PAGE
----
UPDATE: With all precincts in Wisconsin reporting, Wisconsin Supreme Court candidate Brian Hagedorn has a nearly 6,000 vote lead over candidate Lisa Neubauer.
The vote totals show that Hagedorn has 605,728 votes to Neubauer’s 599,766 votes. That’s a difference of 5,962 votes. That is exactly one-half of a percentage point, well within the margin for a recount.
Neubauer’s campaign manager Tyler Hendricks said Tuesday night that they were “almost assuredly headed to a recount.”
In a statement Tweeted out at about 2:15 a.m., Hagedorn said, “The people of Wisconsin have spoken, and our margin of victory is insurmountable.”
Hagedorn goes on to thank his family, friends and others who supported him along the way.
“I am deeply humbled and honored by the voters who have placed their trust in me to serve as Wisconsin’s next Supreme Court justice. The voters chose to have a Court that keeps personal political beliefs out of the courtroom and applied the law as written.”
Wisconsin Supreme Court candidate Brian Hagedorn is declaring victory, even though his opponent says the race is almost certainly headed toward a recount.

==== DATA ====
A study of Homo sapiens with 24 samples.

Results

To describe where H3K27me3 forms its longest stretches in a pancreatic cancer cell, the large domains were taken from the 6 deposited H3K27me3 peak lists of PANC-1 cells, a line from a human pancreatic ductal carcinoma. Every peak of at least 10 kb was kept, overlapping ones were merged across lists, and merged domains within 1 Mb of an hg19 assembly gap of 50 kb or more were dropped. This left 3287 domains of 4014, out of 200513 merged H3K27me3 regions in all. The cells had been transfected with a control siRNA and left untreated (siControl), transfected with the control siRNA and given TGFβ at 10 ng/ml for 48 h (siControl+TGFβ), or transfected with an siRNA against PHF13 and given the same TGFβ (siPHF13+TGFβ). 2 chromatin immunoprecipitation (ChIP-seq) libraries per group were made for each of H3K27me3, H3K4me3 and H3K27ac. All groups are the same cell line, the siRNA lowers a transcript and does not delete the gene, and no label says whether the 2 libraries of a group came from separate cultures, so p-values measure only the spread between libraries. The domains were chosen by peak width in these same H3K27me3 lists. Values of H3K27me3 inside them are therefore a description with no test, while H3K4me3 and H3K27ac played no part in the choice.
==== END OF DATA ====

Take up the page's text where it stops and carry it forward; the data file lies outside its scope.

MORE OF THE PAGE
Hagedorn issued a statement early Wednesday morning saying his margin of victory in Tuesday’s election is “insurmountable.” With 99% of precincts reporting, Hagedorn had a 5,911-vote lead out of 1.2 million cast. That is about half a percentage point over Lisa Neubauer, within the 1 percentage point margin that allows for her to request a recount. However, she would have to pay for it.
Earlier Tuesday night, Neubauer’s campaign manager Tyler Hendricks said “We are almost assuredly headed to a recount.”
Hagedorn was backed by conservatives and a victory would increase their majority control of the court to 5-2. Neubauer had liberal backing, including support from former Democratic U.S. Attorney General Eric Holder.
MADISON, Wis. (AP) — The campaign manager for the liberal-backed candidate in Wisconsin’s Supreme Court race says the contest is “too close to call” and “almost assuredly headed to a recount.”
As the unofficial vote count was nearly complete, conservative Brian Hagedorn and liberal-backed candidate Lisa Hagedorn were separated by just over 1,600 votes out of more than 1.1 million cast.
That is well within the 1 percentage point difference that allows the trailing candidate to request a recount.
Neubauer campaign manager Tyler Hendricks says “We are going to make sure every vote is counted. Wisconsinites deserve to know we have had a fair election and that every vote is counted.”
The court is currently controlled 4-3 by conservatives. A Hagedorn win would increase it to 5-2 and insure that liberals don’t have a chance at taking control in next year’s election.